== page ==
From that point, Lasch explores multiple aspects of our society, from higher education to sport to paternalism in its many forms, to sex, politics and popular culture. The result is a masterpiece of cultural history and analysis. In the course of the book Lasch is forced to struggle with multiple difficulties. First, cultural history is endlessly complicated and does not yield answers easily. We know that something has happened (SAT scores have gone down despite increased investments in education; western history is no longer required in colleges and universities; sexual hookups are more common, committed relationships more difficult, etc.) but to find precise causes for these realities (if and when they can be identified as realities) is very difficult. Second, human behavior results from human psychology, but `human psychology' is something very much in dispute. Lasch's primary allegiance is to Freud and to many Freud is no longer a psychiatrist but rather a philosopher or poet. Finally, human cultural history subsumes all history. Those who would explicate it must do so with an awareness of human history, science, behavior, art, economics and so on. This is not a task for the weak of heart.
The bottom line is that Lasch comes as close as anyone to facing these difficulties and still succeeding in the writing of a significant, persuasive book. Indeed, The Culture of Narcissism is one of the monuments of 20th century social science/cultural history. The book is so rich as to defy easy summary. Two things stand out in particular from the perspective of 2011: a) so much of what he says applies today with equal or greater force; and b) it would be fascinating to see the book rewritten in light of the insights of evolutionary psychology. The humanities have been notably resistant to the neo-Darwinism that marks so much of contemporary social science, a neo-Darwinism that works hand in hand with studies of the human brain enhanced by contemporary instrumentation. My own view is that this work would markedly reinforce Lasch's argument, the resistance to that work indicating the ideology of the vested interests which encourage narcissism as the source of their livelihood.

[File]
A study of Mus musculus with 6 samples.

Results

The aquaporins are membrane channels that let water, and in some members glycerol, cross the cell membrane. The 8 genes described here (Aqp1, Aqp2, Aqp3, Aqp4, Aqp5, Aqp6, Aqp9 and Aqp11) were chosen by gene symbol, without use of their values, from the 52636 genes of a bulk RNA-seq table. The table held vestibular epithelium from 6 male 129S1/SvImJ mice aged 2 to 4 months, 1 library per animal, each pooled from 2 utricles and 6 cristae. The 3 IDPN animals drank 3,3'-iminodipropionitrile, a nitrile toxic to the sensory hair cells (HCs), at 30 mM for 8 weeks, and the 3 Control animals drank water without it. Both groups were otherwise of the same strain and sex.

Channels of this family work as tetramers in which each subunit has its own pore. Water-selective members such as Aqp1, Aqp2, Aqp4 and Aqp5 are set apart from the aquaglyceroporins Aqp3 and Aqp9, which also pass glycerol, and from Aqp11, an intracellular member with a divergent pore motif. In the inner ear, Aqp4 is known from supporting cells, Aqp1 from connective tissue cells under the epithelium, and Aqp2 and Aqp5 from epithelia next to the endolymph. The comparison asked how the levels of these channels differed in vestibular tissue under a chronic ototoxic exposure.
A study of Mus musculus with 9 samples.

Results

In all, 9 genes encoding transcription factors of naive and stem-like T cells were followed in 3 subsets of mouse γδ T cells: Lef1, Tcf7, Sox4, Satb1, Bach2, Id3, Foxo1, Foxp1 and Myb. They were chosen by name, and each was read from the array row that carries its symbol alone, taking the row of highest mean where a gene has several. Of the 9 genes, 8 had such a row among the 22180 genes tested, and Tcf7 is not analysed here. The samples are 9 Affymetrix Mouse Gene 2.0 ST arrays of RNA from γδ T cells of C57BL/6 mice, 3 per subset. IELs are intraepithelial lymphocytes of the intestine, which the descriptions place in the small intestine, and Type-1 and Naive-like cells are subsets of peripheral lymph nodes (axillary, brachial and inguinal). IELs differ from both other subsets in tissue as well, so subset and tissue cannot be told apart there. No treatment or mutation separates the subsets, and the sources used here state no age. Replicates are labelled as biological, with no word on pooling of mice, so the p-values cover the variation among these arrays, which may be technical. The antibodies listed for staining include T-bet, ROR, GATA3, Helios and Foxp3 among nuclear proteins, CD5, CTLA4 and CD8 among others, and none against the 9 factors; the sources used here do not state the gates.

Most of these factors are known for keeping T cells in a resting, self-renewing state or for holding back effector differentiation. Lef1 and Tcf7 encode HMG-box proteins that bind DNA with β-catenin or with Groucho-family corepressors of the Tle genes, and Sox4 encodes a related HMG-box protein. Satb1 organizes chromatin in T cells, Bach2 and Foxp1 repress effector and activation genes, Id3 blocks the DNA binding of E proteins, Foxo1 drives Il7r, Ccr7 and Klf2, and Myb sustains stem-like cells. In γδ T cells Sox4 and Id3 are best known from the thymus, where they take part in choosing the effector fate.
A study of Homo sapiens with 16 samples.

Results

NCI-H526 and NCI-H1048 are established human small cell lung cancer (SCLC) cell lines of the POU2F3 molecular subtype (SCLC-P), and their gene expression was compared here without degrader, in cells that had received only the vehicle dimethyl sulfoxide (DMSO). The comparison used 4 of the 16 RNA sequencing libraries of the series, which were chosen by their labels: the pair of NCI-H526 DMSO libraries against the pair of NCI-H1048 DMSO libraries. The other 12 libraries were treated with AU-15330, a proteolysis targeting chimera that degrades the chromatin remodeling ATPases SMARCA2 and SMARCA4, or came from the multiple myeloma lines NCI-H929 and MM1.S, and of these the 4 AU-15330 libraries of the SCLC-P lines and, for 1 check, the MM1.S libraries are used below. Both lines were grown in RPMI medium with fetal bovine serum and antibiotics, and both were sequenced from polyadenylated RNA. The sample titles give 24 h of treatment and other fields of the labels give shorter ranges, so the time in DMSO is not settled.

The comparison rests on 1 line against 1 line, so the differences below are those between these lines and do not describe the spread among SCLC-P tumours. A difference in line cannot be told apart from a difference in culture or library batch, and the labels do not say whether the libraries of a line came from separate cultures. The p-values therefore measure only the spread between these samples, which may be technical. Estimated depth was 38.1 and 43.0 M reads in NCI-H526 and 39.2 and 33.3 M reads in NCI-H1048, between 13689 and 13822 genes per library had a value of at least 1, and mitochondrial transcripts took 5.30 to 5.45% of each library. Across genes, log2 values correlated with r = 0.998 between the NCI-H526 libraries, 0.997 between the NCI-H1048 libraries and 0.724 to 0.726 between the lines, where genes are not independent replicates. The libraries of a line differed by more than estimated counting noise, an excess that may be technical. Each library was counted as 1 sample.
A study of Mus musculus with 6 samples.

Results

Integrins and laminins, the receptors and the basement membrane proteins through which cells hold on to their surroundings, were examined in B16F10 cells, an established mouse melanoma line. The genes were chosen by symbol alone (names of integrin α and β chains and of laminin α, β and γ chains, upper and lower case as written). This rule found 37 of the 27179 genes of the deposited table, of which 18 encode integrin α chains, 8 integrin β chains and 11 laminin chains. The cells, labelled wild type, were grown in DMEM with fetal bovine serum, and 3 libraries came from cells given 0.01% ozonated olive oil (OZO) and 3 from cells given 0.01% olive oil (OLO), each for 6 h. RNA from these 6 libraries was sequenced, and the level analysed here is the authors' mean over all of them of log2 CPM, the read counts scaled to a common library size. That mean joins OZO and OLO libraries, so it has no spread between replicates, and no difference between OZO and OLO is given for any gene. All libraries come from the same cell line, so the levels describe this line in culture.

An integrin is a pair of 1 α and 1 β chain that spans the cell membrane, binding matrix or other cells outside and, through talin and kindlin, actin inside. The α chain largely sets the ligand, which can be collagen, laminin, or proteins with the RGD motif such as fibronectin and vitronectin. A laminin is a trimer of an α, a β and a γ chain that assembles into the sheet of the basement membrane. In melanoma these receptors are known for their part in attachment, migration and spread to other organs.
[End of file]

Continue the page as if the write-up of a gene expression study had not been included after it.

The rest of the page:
Bottom line: this is a monument in the social sciences. The original publication date--1979--should not deter contemporary readers, who will find its erudition, insight and wisdom a healthy antidote to a culture of therapy that ultimately fails to cure what ails us.
It takes some effort to grasp Lasch's thesis, and I found some of the commentary dated (as one might expect from a book published in 1979), but the writing is very polished and thoughtfully provocative.
All of the "problems" I encountered with the book were those of trying to understand, think through, "test" and consider Lasch's ideas--which, to me, are all marks a good book. I can find fault with specifics in Lasch's ideas, but overall, this was a persuasive, interesting, and compelling union of cultural and individual analysis, centered on the psychoanalytic concept of narcissism and America's unique history. Specific topics included: (a) "making it" in America; (b) pseudo self-awareness and the spectacle of politics and celebrity; (c) the degradation of sport; (d) the commoditization of education and its focus on "life adjustment;" (e) socialization of reproduction and the collapse of authority; (f) the flight from ("true") feeling embodied in a culture of promiscuity and sexual warfare (perhaps his least balanced chapter); (g) the "planned obsolescence" of older persons; and (h) the link between our bureaucratic culture and narcissistic dependence on it.
The overall tone of the book reminded me of Joan Didion's novels and Yates' poem Slouching Toward Bethlehem--fear and anxiety about nothing within, nothing without, simply our neediness. Lasch's book also reminded me of another psychoanalytically informed cultural critique from the 1950s, Norman Brown's Love's Body.